Stop Using Human Resources as the Company Referee




If you have worked in the field of Human Resources (HR) for more than 10 minutes, you have likely been involved in situations where you have been asked to mediate a conflict between employees. You have probably been asked by a manager, “I don’t know what to do…my staff members are not getting along will you talk to them?”


My personal favorite, is when a manager comes to me and says, “my team is not getting along, I want to help them, but I don’t like conflict, can you (HR) talk to them for me?”


Treating HR as the company referee is a common mistake that many organizations make. HR departments are crucial for managing various aspects of the workforce, but they should not be viewed solely as referees in employee disputes or conflicts. Instead, HR should play a more proactive and strategic role in creating a positive work environment and supporting both employees and the organization.


Here are some reasons why HR should not be seen as just the company referee:


Strategic Partner: HR should be an integral part of the organization's leadership team, working closely with management to align HR strategies with the company's overall goals. This involves workforce planning, talent development, and ensuring the organization has the right people in the right roles.


Employee Advocacy: HR should act as an advocate for employees, ensuring that their rights are protected, and they are treated fairly and with respect. By building trust and rapport with employees, HR can help to address concerns before they escalate into conflicts.


Conflict Resolution: While HR may get involved in conflict resolution, it should not be their sole responsibility. Managers and leaders within the organization should be equipped with conflict resolution skills, and HR can support them in handling these situations effectively.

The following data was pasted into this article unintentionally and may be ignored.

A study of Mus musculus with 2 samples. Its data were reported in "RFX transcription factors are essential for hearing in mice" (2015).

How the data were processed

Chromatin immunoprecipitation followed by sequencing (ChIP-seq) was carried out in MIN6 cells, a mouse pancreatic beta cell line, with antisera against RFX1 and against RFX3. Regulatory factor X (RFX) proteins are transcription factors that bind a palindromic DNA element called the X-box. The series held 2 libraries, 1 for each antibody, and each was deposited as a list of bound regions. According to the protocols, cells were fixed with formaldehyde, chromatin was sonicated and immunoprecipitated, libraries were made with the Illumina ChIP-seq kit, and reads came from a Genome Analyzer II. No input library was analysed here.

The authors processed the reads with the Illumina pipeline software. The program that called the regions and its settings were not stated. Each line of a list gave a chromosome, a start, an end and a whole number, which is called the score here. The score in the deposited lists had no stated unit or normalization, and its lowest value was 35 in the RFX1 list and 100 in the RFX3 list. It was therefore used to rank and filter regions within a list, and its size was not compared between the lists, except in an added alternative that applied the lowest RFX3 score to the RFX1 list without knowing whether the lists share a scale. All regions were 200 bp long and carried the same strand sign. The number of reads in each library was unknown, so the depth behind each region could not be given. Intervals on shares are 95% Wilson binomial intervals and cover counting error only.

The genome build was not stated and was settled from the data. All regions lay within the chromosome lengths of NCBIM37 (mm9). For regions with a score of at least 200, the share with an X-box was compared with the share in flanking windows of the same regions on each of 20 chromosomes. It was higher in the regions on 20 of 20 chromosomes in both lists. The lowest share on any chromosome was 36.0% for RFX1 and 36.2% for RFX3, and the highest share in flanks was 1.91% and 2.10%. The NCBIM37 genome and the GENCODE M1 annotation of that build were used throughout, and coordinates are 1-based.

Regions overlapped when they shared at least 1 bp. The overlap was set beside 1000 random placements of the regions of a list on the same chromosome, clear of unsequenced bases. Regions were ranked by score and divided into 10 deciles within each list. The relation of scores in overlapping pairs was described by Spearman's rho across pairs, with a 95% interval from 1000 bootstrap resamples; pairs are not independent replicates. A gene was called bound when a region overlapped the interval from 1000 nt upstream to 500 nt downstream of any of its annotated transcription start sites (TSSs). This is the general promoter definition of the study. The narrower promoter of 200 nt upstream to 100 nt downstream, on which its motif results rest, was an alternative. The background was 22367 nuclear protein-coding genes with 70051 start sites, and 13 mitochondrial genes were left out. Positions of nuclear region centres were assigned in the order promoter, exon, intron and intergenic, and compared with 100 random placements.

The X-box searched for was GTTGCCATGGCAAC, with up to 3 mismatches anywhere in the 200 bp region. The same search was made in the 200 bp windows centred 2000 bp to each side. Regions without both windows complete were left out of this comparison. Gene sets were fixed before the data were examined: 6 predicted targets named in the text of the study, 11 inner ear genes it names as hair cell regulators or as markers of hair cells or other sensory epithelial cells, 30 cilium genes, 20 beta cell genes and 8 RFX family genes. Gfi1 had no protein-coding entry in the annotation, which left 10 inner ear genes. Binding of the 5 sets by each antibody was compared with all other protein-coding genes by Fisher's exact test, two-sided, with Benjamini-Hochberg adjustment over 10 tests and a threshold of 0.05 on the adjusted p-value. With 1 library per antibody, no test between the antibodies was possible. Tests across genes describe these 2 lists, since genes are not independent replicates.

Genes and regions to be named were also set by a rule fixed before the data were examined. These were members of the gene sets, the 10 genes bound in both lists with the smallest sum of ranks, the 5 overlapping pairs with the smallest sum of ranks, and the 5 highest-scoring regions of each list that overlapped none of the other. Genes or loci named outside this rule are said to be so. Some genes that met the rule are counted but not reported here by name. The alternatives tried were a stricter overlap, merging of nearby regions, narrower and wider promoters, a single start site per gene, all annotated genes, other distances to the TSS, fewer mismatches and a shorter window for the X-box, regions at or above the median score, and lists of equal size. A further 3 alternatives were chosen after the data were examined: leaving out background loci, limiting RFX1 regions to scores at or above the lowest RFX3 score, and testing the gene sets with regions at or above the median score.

Policy and Compliance: HR is responsible for creating and implementing policies that ensure compliance with labor laws, regulations, and company guidelines. However, they should also communicate these policies clearly to employees and support their understanding and adherence.


Employee Development: HR plays a crucial role in facilitating training and development programs for employees to enhance their skills and knowledge. This helps in improving overall productivity and job satisfaction.


Recruitment and Retention: HR is responsible for attracting and retaining top talent. They should focus on creating a positive employer brand and hiring candidates who fit well with the company culture and values.


By putting HR at the center of conflict resolution, the department manager becomes more of a character in a larger play, rather than the central figure leading the team through conflict. 

From an HR perspective, being placed in the middle of every employee conflict gives the perception of HR being the “disciplinarian” or “the villain,” within the organization. Having HR involved in every conflict is no better than being hauled off to the principal’s office for talking in class. 


To avoid treating HR solely as the company referee, organizations should foster a culture of open communication, respect, and cooperation throughout the entire company. HR should be seen as a supportive resource, working together with other departments to promote a healthy and productive work environment for all employees.